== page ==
This week in my mythology class we discussed Oedipus the King, the famous ancient Greek tragedy about a man (a king) who discovers that he accidentally, unknowingly killed his father, slept with his mother, and had offspring who were also his siblings. The day of that discovery was a bad day for him.
According to Aristotle, Oedipus is doomed by hamartia. This term has often been translated “fatal flaw,” but my students and I had some fun debating that translation. Our textbook suggested that a better translation would have been “error.” I threw out questions to the class about how the play might be interpreted differently if we see the problem as an error, a mistaken behavior, rather than as a fatal flaw that is somehow inherent in the person.
I imagine that this discussion has taken place in many college mythology classes. While my students were sharing their ideas about how particular scenes did or did not demonstrate that Oedipus was prone to personality traits such as “arrogance” or “stubbornness,” I was struck by how difficult it is for us to talk about making mistakes or even correcting mistakes as normal human behavior.
We tend to think of error in relation to the perpetrator/victim binary. If I’ve made some type of mistake, it’s either because I’ve done something blameworthy (e.g., “I didn’t pay attention”) or because I’m a victim of circumstance (e.g., “I misheard your directions because the traffic was too loud”). Another problem with this binary is that whenever we need to change course in some way, we are potentially involved in a battle of wills, a win/lose blame game.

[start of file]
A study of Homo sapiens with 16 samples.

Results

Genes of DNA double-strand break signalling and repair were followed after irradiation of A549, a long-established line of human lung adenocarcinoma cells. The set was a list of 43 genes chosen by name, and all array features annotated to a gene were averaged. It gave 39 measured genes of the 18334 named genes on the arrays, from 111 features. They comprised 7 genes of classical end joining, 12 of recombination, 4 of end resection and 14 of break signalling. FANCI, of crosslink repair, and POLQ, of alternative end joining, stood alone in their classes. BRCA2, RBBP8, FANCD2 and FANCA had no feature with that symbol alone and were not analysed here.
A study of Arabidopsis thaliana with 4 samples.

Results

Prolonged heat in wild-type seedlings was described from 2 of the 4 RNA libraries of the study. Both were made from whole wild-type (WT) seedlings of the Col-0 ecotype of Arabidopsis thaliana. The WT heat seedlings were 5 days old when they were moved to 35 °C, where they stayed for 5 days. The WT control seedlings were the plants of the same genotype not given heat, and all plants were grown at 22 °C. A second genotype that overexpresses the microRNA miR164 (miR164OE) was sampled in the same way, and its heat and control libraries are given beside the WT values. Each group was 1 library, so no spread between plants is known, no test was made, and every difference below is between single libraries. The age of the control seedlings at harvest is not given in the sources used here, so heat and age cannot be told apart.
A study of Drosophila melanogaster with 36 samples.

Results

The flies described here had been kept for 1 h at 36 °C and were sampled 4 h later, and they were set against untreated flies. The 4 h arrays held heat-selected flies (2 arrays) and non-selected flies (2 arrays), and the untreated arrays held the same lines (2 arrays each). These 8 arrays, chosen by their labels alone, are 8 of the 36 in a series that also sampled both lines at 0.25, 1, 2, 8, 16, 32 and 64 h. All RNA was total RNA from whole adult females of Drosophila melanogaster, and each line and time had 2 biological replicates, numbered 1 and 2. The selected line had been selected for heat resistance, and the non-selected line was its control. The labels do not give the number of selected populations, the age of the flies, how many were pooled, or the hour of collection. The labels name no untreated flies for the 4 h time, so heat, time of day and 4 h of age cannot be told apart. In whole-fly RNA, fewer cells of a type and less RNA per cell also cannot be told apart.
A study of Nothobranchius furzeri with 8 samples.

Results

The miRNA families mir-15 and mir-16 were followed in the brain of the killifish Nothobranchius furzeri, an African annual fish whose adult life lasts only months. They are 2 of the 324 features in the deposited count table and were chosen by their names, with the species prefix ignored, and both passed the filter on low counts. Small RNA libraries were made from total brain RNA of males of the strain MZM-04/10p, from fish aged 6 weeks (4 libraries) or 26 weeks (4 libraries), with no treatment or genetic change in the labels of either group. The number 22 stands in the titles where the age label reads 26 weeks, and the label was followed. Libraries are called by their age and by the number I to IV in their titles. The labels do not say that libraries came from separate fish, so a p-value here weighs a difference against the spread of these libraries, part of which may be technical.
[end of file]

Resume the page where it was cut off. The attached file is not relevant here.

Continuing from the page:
As teachers, we are supposed to be helping students learn new things, and they are supposed be learning by making mistakes and revising their work and their thinking. The idea that one learns through failure is a commonplace. We know we should try being kind when pointing out mistakes to students or when asking them to change their ways of thinking. What happens in this formulation though if we balance such learning gains against the students’ potential loss of face? I don’t have the power to magically nullify emotional effects of face loss even if I don’t explicitly call something a mistake or an error, but I do know that saving face, feeling in control and respected, is strong human need.
This little 4×4 cannot resolve the psychological stress generated by the right/wrong, victim/perpetrator binary embedded in acknowledging and learning from mistakes. Heck, a tragic play could only begin to make the dilemma visible to its audience. Still, I think it’s good to think about the risks students take when trying out new ways of thinking and expressing themselves in our classes.